February 17, 2011|By Sheri Linden

The subtitle of the adoring documentary "Vidal Sassoon: The Movie" — "How One Man Changed the World With a Pair of Scissors" — suggests an exaggerated sense of coiffure consequence. But beyond the love fest of talking heads is a compelling life story that courses through the Depression, World War II and swinging London, all evoked in well-curated archival footage.

"Vidal Sassoon: The Movie," from first-time director Craig Teper and producer Michael Gordon — the Bumble and Bumble founder whose accompanying coffee-table book is a running theme in the film — lacks the geometric precision of its subject's signature cuts. Too often it asserts rather than explores, and halfway through it feels noticeably stretched, before regaining bounce and shine.

Not the last word on the celebrity hairstylist and product mogul, it's nonetheless an entertaining overview.

Sassoon is an elegant, charming octogenarian with a strong social conscience, and the film could have benefited from even more time with him. A premonition of his mother's sparked the apprenticeship that blossomed into the legendary career (with time out for anti-fascist street fighting).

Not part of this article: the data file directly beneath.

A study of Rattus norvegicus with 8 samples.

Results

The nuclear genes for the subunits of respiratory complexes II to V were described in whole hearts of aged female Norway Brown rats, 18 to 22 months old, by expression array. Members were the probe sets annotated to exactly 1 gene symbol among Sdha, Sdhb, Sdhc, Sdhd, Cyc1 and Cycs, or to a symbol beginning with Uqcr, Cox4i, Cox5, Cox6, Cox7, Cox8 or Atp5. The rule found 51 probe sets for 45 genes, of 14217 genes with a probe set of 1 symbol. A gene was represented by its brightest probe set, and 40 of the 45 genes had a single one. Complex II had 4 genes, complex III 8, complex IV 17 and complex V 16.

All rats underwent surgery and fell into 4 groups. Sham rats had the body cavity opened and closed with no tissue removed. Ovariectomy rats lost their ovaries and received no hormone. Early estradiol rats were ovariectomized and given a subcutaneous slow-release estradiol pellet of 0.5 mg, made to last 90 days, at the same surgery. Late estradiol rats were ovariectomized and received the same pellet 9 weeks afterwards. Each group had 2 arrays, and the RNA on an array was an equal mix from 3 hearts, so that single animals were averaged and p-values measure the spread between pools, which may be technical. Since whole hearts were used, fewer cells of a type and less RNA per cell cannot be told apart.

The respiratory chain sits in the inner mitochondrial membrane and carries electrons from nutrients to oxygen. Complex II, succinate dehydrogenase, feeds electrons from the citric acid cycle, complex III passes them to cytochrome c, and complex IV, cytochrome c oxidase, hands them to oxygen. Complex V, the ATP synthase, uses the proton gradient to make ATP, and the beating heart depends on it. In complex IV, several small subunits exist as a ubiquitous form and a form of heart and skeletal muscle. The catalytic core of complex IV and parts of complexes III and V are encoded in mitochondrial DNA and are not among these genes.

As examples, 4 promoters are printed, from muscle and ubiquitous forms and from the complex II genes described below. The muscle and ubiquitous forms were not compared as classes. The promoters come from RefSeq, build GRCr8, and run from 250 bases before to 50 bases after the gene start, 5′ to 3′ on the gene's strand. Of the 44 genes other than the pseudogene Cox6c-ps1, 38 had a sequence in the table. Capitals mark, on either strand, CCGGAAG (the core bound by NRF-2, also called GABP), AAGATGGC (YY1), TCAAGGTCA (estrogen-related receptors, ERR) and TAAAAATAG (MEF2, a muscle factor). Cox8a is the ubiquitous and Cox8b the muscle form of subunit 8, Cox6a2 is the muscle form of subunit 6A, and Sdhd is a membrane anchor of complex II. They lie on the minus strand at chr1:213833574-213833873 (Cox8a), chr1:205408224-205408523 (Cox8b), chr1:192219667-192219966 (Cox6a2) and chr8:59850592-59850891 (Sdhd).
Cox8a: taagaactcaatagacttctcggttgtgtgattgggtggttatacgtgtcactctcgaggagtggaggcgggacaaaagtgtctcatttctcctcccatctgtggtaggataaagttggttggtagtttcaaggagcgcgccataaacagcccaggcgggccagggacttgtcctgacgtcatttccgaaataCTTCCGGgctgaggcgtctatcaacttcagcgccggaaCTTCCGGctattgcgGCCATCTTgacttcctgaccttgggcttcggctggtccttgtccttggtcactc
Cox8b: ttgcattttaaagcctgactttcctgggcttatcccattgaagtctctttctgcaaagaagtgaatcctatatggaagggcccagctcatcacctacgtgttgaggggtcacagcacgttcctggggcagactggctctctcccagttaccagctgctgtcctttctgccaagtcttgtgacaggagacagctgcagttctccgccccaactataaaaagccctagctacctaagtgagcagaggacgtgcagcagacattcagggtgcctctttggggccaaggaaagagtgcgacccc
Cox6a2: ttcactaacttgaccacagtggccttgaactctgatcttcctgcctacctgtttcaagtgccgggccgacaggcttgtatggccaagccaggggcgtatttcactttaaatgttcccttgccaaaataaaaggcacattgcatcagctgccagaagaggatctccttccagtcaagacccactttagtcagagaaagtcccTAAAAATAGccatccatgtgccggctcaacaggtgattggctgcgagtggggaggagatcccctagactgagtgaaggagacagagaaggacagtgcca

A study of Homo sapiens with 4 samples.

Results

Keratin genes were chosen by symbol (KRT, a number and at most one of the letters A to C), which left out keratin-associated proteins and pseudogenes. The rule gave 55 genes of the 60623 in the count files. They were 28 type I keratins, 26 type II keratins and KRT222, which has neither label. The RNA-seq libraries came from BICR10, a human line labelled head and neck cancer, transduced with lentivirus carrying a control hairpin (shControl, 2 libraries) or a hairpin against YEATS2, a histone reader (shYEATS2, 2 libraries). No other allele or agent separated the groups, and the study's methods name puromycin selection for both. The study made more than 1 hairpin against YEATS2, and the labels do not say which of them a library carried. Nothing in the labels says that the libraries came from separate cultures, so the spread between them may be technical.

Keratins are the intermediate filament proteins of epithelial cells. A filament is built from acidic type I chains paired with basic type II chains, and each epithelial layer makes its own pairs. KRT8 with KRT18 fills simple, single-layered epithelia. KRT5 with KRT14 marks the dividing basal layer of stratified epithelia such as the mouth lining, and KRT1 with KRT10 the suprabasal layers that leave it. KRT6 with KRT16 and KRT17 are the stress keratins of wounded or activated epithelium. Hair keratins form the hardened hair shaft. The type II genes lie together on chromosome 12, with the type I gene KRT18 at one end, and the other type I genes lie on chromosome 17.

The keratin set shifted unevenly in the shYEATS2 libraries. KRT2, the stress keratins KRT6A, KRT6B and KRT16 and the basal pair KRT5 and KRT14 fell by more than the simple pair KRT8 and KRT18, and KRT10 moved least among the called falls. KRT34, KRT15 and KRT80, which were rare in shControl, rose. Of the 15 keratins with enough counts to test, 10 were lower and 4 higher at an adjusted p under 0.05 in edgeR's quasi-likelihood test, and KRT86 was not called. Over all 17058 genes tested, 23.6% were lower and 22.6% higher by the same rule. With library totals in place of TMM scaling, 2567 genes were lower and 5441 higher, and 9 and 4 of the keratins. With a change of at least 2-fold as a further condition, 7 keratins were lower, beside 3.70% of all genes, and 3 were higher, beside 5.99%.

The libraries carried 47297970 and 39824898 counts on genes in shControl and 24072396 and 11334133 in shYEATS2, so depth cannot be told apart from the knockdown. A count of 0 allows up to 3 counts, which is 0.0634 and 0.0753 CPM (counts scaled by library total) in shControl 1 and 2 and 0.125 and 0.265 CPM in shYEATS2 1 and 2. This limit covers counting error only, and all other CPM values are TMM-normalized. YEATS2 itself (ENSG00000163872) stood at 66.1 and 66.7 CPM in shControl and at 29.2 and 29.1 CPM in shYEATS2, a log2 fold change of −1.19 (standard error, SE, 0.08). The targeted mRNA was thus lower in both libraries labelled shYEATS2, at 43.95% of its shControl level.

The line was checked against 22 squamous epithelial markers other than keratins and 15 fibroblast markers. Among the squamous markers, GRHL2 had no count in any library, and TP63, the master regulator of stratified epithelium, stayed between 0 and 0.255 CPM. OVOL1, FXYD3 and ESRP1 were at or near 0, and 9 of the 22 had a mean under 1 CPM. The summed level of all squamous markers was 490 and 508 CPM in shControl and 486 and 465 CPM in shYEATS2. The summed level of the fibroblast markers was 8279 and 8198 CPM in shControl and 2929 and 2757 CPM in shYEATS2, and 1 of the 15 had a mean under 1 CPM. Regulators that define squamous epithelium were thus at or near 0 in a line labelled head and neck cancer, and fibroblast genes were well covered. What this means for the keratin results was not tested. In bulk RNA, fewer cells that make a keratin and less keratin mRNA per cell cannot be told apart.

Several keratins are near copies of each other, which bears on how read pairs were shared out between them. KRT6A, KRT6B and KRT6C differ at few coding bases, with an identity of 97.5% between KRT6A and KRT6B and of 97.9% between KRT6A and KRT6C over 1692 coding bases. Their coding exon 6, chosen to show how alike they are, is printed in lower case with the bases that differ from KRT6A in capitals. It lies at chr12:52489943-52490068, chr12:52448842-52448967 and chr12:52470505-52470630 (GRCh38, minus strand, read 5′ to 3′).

Sassoon says that had he gone to college, he would have pursued architecture. Instead, inspired by the Bauhaus, he chopped off hair by the yard and sculpted what was left, building an international empire from a hotspot Bond Street salon.

Sassoon's bobs still look fresh, and if this portrait overreaches for zeitgeist significators, it makes clear that he led the charge in liberating generations of women from the set-tease-spray beauty parlor regimen.

— Sheri Linden

"Vidal Sassoon: The Movie." MPAA rating: PG for some thematic elements, language and smoking. Running time: 1 hour, 33 minutes. At Laemmle's Sunset 5, West Hollywood.